Bottom line: iBiome-Ocean, the follow-up to the popular iBiome-Wetlands app, allows kids to explore the open ocean, kelp beds, tide pools and more. A great educational supplement to a classroom unit on the ocean, biodiversity, ecology and a variety of other subjects.
If you'd like to purchase iBiome-Ocean by developer Springbay Studio ($3.99, iPad only, iOS 6.0 or later), please use this handy link:
It's Eclipse Day in the United States -- the first time since 1918 that a total eclipse has been visible coast to coast. I'm in the 90 percent area -- not the much-hyped "path of totality," but a chance to see some pretty cool stuff nonetheless. So I've spent the last several weeks trying to get my ten-year-old to be as excited about this event as I am. And you know what's worked better than any speeches I've given her? Apps. She's fascinated by some of the apps out there that allow her to interact with this cosmic event.
So, as a parent who's spent a few days seeing just how valuable apps can be in promoting science with my kid, let me introduce you to iBiome-Ocean by Springbay Studio. Full of more information than you can imagine about the ocean, the app is a follow-up to iBiome-Wetlands and is aimed at kids in grades 3 through 8. Both apps are destined to be go-to tools in science classrooms for years to come.
Your journey through the ocean is led by Professor Bio, a friendly animated chap who talks to kids about biodiversity, ecology, climate change and so many other topics. App users learn how human activity is affecting the ocean, how the food chain works in different areas of the ocean, and what they can do to protect the ocean from overfishing, pollution and more. It's more than just lessons about the ocean -- it's teaching kids critical thinking and experimentation, and what happens when they change their biome.
The app was built in conjunction with scientists from organizations like the National Oceanic and Atmospheric Administration, and includes top-notch information that teachers and parents can be sure is factually correct. It's also presented in a way that is kid-friendly and not too over the head of even the most unscientific parents.
The app won't tempt your kids with any ads or in-app purchases, and the developer promises that the app does not collect or share any personal information. There are a few external links, but they're in a parent-protected area (your kid has to know your year of birth to get in, and I guarantee mine would be shocked to discover I was born post-1900). Be sure to check out the parent section, as it contains videos and other resources you'll want to explore with your child.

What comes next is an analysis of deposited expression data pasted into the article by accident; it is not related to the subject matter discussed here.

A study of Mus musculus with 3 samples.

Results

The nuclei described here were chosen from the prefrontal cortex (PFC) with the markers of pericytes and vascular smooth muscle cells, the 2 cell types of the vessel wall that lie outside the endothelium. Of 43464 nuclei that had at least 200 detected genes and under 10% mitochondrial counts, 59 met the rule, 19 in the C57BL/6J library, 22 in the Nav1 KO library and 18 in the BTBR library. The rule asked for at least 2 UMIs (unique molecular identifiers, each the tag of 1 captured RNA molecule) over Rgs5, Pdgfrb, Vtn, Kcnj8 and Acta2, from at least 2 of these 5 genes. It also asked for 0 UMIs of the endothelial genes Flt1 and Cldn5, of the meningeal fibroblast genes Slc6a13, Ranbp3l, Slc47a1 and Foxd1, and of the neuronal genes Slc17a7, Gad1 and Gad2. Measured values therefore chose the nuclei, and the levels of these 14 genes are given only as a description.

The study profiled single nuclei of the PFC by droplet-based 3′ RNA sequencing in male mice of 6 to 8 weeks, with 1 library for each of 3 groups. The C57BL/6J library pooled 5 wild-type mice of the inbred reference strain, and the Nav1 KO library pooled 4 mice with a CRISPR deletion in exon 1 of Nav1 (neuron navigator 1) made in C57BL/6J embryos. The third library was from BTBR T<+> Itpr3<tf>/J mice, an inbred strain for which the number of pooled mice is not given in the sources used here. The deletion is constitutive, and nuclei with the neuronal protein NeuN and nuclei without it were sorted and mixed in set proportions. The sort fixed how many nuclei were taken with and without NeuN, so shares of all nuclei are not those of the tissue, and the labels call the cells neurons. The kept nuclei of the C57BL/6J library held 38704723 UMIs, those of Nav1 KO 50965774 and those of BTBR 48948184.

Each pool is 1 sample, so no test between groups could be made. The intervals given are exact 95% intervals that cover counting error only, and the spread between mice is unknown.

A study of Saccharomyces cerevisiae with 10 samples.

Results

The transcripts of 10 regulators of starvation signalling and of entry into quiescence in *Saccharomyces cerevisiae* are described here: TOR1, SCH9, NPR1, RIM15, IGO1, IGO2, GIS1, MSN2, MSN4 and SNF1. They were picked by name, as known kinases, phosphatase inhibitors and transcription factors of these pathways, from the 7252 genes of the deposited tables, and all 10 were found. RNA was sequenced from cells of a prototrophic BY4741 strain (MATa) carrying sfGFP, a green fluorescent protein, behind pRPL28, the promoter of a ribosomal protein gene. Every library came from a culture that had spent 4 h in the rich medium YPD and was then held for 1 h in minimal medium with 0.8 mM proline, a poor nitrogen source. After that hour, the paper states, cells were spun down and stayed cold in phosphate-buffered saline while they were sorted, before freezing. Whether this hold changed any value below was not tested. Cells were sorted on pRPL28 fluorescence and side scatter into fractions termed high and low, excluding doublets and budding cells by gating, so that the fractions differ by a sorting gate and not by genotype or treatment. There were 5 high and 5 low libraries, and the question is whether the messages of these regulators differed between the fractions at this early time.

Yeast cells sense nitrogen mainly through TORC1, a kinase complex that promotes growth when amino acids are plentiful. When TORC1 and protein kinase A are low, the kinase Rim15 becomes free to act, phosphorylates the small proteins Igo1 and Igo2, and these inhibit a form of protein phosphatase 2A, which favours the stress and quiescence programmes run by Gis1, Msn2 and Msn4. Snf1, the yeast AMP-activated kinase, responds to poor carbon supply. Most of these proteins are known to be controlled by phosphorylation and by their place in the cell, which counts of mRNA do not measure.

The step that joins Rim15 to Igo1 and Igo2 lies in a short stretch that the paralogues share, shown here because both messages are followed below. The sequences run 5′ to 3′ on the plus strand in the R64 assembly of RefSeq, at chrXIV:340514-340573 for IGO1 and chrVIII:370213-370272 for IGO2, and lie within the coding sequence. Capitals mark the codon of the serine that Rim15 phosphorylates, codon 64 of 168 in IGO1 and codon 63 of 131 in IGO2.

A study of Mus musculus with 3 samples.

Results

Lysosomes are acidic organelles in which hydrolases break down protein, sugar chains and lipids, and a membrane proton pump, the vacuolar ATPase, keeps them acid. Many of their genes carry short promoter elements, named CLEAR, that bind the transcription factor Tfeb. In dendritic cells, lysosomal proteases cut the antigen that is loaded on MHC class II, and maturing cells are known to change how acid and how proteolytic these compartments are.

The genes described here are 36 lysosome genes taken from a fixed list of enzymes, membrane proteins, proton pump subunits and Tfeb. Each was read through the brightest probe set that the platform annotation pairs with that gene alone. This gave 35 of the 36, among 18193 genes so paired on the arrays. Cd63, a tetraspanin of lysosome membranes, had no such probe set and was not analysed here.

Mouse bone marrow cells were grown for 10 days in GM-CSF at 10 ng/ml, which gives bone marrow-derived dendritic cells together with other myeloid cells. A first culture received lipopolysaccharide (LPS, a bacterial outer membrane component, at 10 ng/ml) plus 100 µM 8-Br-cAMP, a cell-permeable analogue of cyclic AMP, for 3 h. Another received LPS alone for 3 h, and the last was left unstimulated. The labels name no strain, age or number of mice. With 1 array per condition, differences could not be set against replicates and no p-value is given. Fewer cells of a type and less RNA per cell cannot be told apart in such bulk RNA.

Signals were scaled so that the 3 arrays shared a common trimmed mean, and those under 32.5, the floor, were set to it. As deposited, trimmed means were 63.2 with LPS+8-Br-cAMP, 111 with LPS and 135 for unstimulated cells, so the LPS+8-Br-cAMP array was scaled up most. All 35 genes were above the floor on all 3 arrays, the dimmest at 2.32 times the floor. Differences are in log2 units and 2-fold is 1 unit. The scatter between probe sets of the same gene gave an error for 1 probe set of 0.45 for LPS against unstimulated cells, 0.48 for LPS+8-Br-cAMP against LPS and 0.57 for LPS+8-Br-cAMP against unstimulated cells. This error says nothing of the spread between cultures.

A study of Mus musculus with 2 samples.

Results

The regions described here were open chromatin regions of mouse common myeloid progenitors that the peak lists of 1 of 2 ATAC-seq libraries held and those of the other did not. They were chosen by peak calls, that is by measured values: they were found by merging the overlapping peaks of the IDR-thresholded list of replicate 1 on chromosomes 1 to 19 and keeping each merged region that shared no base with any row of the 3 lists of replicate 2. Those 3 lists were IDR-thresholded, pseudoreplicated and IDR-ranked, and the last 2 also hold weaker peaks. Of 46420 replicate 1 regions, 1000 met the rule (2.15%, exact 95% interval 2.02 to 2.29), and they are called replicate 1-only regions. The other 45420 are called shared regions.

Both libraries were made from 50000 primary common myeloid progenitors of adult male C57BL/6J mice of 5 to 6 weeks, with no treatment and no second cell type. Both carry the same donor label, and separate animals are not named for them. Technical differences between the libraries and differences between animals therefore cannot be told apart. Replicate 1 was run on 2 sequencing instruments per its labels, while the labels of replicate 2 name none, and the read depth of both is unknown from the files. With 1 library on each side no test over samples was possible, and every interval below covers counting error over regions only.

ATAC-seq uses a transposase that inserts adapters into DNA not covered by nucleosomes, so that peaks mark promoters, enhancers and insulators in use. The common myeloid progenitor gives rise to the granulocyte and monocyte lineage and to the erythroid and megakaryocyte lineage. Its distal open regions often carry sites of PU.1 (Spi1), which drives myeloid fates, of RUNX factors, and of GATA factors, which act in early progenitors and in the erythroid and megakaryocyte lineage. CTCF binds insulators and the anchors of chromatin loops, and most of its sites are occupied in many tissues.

This app has a great environment-friendly message, beautiful graphics, and a wealth of knowledge. My only issue with it is that its interface isn't particularly intuitive. It uses what it calls the "crazy web" to allow kids to build food chains, for instance, and it took me a minute to figure out what I was supposed to be doing. Once I figured it out, it ran smoothly enough, but my first few lessons were a bit garbled as I used trial and error (mostly error). The directions for each trip to the crazy web say "shake to test." But beyond that first time, you're not "testing" it -- you're just using the app as intended. I found that language confusing. There are also a couple of minor spelling and grammar errors, which disappoints me in an app that's this high quality. Overall, I think the app is better suited to classroom use than to stand-alone learning. As a supplement to a classroom lesson on the oceans, it would be fabulous. As something for my kid to sit down and play on her own, I found it less useful.
My complaints with this app are minimal -- on the whole, it's beautifully done and well worth $3.99. Don't tell my daughter, but I enjoyed learning about the ocean, too, and played my way through the tide pools section without her.